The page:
Building better

By building sustainably we can help mitigate the worst of climate change while driving down energy costs. Sustainable architecture boils down to using better materials and more efficient design to keep greenhouse gas emissions in check. This can be as simple as shifting a building’s spatial orientation to capture the right amount of sunlight exposure or using easily accessible materials like adobe and white clay brick, in places like Egypt, to create naturally temperature-controlled spaces. Other, more high-tech sustainable building strategies might look like contorted skyscrapers with large glass windows, roofs covered with photovoltaic solar panels with water recycling systems. The ultimate goal remains the same, using less harmful building materials and reducing energy consumption.

In Egypt, construction is responsible for at least 23% of our GHG emissions, making the industry one of our most significant environmental polluters. Manufacturing glass, red brick, paint and concrete are the main culprits behind construction pollution, of which Egypt is a major producer of—being one of the world’s top 12 cement producers over the past decade. Globally, the construction industry is confronted with a tremendous ecological dilemma as its activities account for some 40% of the world’s GHG emissions. We have more detail on this in our four part Going Green series, which you can check out here, here, here and here.

On a global scale, the US Green Building Council’s LEED certification has been the most widely used standard in building sustainability: It measures energy use, water use, indoor environmental quality, material selection and the impact of buildings on the surrounding environment. Some studies have shown that LEED-certified buildings have been able to produce 50% fewer greenhouse gas emissions than conventionally constructed buildings through improved water consumption and 48% fewer emissions from solid waste reduction. Domestically, we have the Egypt Green Building Council which has its own Tarsheed guidelines for sustainable residential, commercial and community buildings.

While major construction companies haven’t adopted sustainably on a large scale, there are still some promising domestic initiatives underway: Suez Cement, LaFarge Egypt and CEMEX Egypt are among the big players offering their own versions of less carbon intensive blended cement alternatives, but the extra cost of these marginally less polluting materials have kept wider adoption limited. Bastoob, a small-scale building materials project selling interlocking blended cement blocks is another domestic initiative taking the first steps towards low-cost construction efficiency. And local Biotech startup Mycelium is using fungi to convert rice or wheat straw into insulation material. Companies like 365 Ecology provide more high-tec solutions through smart sensors that are able to track movement inside buildings and automatically limit central AC and electricity usage.

Further up the supply-chain you have initiatives like Hand Over Projects who focus on sustainable building through nature driven design. The group’s work on public and residential projects in places like Luxor, Dahab and Al Ayat has mostly relied on low-cost materials like sand, mud and gravel available in the surrounding environment and low tech-solutions to air flow and temperature control. Still experimental but worth keeping an eye out for is 3D printed houses and enhanced salt bricks being developed by British University in Egypt lecturer Deena El Mahdy.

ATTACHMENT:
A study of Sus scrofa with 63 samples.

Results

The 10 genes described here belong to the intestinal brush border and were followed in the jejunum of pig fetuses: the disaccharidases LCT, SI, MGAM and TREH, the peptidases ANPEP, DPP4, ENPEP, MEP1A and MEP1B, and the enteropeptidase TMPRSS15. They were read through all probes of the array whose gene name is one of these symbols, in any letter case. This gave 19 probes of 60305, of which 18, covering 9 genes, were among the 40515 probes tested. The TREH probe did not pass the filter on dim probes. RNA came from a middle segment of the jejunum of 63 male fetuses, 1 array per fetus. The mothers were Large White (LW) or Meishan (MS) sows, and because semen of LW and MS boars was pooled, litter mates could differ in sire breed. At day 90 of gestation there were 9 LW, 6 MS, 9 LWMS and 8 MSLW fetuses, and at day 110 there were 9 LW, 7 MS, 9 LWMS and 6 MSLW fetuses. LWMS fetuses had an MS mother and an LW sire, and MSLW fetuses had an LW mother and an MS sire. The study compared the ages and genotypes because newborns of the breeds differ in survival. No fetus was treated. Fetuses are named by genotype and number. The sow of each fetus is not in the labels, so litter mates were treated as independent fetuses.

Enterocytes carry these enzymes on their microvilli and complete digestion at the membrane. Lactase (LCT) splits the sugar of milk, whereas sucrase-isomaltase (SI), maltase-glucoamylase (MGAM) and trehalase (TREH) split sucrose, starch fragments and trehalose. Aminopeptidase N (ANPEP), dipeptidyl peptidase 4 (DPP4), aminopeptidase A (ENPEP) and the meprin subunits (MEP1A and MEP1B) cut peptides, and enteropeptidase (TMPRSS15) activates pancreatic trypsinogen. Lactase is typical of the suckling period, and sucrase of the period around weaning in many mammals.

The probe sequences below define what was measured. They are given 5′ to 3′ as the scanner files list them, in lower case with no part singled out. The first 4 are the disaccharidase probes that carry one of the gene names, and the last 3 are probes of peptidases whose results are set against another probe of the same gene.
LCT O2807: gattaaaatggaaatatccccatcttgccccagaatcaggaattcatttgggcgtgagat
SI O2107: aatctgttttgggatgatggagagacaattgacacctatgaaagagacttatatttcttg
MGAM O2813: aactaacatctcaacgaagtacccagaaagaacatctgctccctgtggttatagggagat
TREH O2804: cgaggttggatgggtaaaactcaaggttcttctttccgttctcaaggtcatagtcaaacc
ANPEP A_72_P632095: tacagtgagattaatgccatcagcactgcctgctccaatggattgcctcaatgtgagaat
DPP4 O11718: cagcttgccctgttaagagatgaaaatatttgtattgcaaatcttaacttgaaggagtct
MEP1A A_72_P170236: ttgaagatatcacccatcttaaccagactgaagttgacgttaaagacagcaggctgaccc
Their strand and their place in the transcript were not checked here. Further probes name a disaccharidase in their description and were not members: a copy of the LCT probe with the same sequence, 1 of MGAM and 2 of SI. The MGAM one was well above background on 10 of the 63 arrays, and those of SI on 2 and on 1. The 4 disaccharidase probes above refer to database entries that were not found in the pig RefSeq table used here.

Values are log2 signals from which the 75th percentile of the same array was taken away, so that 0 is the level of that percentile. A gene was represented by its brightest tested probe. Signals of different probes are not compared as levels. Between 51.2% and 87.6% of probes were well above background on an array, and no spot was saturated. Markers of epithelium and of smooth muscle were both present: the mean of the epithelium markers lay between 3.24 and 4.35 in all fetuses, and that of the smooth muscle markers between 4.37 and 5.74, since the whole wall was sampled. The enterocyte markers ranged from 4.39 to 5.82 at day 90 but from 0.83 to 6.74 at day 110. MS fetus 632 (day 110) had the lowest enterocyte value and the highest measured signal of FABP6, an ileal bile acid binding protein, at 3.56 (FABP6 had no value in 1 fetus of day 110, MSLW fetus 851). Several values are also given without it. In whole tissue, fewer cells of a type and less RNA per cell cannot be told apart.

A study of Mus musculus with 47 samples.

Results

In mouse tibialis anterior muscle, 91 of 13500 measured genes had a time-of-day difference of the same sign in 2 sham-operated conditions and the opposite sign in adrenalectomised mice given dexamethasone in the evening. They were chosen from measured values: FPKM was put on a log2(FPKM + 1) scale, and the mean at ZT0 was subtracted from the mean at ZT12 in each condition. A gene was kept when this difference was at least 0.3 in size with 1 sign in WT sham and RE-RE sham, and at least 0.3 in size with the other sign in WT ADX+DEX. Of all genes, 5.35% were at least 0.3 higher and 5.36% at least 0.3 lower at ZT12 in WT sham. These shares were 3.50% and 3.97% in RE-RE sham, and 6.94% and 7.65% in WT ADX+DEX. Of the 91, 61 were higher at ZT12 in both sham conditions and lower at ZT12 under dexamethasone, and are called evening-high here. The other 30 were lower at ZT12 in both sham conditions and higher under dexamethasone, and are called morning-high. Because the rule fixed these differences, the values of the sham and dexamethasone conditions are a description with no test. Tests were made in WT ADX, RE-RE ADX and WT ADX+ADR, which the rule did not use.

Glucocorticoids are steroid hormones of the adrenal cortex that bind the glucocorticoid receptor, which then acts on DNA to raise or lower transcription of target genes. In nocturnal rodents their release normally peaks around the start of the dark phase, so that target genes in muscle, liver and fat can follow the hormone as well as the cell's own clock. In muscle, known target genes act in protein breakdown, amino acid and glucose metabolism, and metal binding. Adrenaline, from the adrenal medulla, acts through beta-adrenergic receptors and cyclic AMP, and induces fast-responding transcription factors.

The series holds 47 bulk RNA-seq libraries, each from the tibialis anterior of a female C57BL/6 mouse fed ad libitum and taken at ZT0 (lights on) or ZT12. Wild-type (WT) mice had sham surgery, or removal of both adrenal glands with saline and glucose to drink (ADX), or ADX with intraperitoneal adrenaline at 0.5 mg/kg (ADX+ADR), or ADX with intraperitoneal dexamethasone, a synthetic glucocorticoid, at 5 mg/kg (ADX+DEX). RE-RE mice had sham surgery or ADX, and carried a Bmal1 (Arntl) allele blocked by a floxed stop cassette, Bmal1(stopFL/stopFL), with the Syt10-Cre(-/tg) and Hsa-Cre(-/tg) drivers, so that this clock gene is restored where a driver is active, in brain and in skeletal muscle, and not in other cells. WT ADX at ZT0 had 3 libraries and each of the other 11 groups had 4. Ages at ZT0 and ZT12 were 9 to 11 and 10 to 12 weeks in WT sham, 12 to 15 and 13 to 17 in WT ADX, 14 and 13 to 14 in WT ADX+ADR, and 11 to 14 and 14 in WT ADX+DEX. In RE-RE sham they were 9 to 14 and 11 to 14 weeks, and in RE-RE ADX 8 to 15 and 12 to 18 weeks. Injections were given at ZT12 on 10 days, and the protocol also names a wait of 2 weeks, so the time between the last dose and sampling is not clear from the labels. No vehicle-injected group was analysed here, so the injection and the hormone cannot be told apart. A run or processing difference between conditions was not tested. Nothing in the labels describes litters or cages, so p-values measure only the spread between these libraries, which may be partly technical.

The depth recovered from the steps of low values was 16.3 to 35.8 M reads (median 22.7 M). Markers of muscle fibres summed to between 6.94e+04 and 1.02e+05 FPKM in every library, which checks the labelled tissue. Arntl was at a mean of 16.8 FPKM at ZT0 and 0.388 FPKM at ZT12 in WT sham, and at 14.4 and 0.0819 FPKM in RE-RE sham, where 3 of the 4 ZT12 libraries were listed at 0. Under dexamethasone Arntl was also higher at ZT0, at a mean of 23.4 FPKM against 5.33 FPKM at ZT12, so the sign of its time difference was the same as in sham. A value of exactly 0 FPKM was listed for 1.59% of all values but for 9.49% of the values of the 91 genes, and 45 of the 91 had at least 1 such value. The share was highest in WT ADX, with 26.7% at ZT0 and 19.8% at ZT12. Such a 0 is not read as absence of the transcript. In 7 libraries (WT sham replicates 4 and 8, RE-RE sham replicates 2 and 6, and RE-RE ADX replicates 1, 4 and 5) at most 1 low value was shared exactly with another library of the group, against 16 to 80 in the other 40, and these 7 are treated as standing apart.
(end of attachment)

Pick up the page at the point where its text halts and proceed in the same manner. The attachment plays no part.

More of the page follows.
If this kind of thing interests you, Taimor El Hadidi’s personal home in Sheikh Zayed is a recent example of sustainability put to the test. The Nedal Badr-designed six building residence was made with over 3k used water bottles, recycled cement and discarded tires, and does not in any way look like a Mad Max-style garage. Built over the course of six years with the help of a 7 team member crew, they focused on locally sourcing all their construction materials to reduce fossil fuel emissions from transportation. This Mariam El Korachy-designed Fayoum House in Tunis village is another spectacular example of low-tech sustainability. Built mostly out of adobe and limestone, the building’s high ceiling, mezzanine and courtyard naturally regulate its temperature year round.

Want more on sustainable building in Egypt? Take a look at Hassan Fathy's oeuvre. Arguably the godfather of sustainable architecture, architect Hassan Fathy revived low cost earth building in the 1940s to meet the housing needs of rural communities in Egypt. Fathy’s approach to architecture was one that utilized naturally occuring materials in the surrounding environment—namely sun dried mud brick—to build sustainable housing at an affordable price, which he detailed in his pioneering work Architecture for the Poor. Drawing on pre-industrial building techniques from across the country to construct arches, vaults, domes and mashrabiyas, Fathy was determined to provide homes with improved air circulation and temperature control at minimal ecological cost. Some of his work includes the 1940s-designed New Gourna Village near Luxor, where Nubian residents of Old Gourna were meant to be relocated, and the New Baris village in the Western Desert.